2020 altered the retail landscape as we once knew it, likely forever. But yes, while the importance of direct-to-consumer channels and ecommerce is much more pronounced, those alternative shopping avenues haven’t eliminated the need for brick-and-mortar storefronts. Instead, they’ve changed how brands approach physical shops, bringing a jolt of digital capability to in-person retail.
Beautycounter’s latest location is an example of that fusion. The store, which opened in December in the Venice Beach area of Los Angeles, contains a “livestream, shoppable content studio” that allows for in-store content creation that can be broadcast to customers outside of the store, aiding in the brand’s ecommerce efforts.
The store, based in the brand’s hometown, came out of an effort to “build a sense of community around our shop in a post-Covid world,” said Gregg Renfrew, founder and CEO of Beautycounter. And livestreaming is how the physical store aims to bridge the gap between online and offline shopping during and after the Covid-19 period.
It’s a fitting mission for Beautycounter. The brand, founded in 2013, is one of the most high-profile in the “clean beauty” space. Beautycounter employs independent consultants to sell its products, in addition to traditional and digital retail channels. Because of that consultant model, community is particularly important for the brand. That sense of bringing consumers and products together in an organic, responsible way is also reflected in the Beautycounter’s efforts towards educating consumers on the potentially harmful ingredients often used in makeup, skincare or other personal care items.
The studio will allow Beautycounter consultants, staff or other influencers to livestream from within the store’s four walls, and use it as a ‘prop’ of sorts in their videos. When pointing out a product in stores, online viewers will then be able to shop it at home. A fact of brick-and-mortar, said Renfrew, is that you can’t reach everyone. This will allow consumers, no matter where they’re located, to experience the Beautycounter storefront.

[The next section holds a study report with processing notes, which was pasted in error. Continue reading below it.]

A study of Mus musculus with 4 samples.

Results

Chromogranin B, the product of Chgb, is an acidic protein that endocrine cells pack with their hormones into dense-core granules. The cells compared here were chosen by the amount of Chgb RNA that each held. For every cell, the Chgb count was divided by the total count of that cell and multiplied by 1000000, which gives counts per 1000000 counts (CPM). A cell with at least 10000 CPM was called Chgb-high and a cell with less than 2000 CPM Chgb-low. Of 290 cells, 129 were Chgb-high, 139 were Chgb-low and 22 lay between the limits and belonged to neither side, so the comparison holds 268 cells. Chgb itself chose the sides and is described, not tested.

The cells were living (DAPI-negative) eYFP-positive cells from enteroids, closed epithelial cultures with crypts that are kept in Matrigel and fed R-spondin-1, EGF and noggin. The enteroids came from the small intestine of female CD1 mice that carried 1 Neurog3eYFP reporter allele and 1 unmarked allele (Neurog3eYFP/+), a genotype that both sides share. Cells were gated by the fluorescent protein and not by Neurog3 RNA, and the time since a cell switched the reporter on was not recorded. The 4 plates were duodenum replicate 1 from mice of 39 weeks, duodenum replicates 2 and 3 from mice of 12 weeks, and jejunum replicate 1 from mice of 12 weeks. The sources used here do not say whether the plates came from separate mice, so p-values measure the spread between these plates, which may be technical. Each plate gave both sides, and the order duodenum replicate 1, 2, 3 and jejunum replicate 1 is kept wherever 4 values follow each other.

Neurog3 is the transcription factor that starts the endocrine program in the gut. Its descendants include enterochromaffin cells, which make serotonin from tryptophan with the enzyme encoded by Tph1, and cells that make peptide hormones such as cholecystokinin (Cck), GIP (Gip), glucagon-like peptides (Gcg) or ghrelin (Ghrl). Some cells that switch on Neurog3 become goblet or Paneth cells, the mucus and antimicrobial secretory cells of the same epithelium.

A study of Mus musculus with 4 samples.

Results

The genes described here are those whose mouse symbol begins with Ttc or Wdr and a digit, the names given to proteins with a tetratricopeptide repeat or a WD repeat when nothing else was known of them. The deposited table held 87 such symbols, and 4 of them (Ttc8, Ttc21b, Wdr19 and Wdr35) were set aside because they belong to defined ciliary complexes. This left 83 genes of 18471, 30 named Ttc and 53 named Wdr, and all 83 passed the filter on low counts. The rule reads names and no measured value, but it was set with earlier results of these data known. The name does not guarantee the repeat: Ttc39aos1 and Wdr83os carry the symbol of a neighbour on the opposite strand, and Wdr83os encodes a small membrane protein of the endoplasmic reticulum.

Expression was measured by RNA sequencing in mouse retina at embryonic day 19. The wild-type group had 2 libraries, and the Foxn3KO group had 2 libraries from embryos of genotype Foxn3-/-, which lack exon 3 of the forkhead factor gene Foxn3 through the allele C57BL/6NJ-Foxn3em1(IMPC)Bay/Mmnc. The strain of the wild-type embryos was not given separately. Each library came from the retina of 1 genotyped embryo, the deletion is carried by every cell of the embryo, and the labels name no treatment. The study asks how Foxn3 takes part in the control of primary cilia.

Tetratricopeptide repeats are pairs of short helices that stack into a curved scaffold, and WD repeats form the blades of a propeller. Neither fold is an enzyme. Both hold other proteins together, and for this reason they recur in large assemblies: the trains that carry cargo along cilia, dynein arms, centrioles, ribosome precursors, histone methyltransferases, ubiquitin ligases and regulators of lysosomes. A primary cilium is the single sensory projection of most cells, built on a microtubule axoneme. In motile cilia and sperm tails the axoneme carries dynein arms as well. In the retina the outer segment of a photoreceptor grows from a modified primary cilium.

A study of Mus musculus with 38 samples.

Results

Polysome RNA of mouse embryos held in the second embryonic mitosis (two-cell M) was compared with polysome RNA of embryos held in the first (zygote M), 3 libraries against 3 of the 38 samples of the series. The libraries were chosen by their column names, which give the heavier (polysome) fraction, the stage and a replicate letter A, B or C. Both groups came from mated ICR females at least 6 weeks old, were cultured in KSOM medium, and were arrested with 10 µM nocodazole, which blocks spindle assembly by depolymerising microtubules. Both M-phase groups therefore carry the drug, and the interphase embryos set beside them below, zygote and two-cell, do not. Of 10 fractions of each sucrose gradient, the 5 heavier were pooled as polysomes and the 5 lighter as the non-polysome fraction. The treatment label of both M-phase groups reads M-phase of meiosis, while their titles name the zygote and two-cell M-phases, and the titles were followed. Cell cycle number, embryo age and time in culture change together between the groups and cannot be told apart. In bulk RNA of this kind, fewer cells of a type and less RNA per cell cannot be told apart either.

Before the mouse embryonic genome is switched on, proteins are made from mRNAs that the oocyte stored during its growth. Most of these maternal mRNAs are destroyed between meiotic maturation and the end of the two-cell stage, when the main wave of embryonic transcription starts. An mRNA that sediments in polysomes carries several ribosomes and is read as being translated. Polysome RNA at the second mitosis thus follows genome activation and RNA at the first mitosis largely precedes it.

“We believe that your store environment should fully demonstrate your brand and help clearly articulate it to the consumer,” said Renfrew. “But we also have been watching the trends coming out of Asia, seeing people of influence coming into stores and being able to interact with their respective communities, have this two way dialogue that people are really craving and create a shoppable interaction within the four walls of our store.”
Indeed, incorporating livestreaming into Beautycounter’s newest store isn’t just about creating a sense of community, but staying on the cutting edge of retail trends. According to Gartner, livestream commerce was a $60 billion industry in 2019, though only $1 billion of that was spent in the U.S. That number undoubtedly increased in 2020, and experts are forecasting that livestream commerce to become a bigger force stateside in 2021.
Anthony Sperduti, founder of creative studio Mythology, that partnered with Beautycounter to bring the store to life, said that creating experiences that allow for greater levels of consumer connection is particularly important for a mission-driven brand, in turning consumers into “zealots and believers” for a brand’s cause.
“When you have an opportunity to meet the founder, meet the CEO, meet the product developer, the people that are actually behind the scenes, that’s going to be extremely compelling for today’s consumer,” added Renfrew.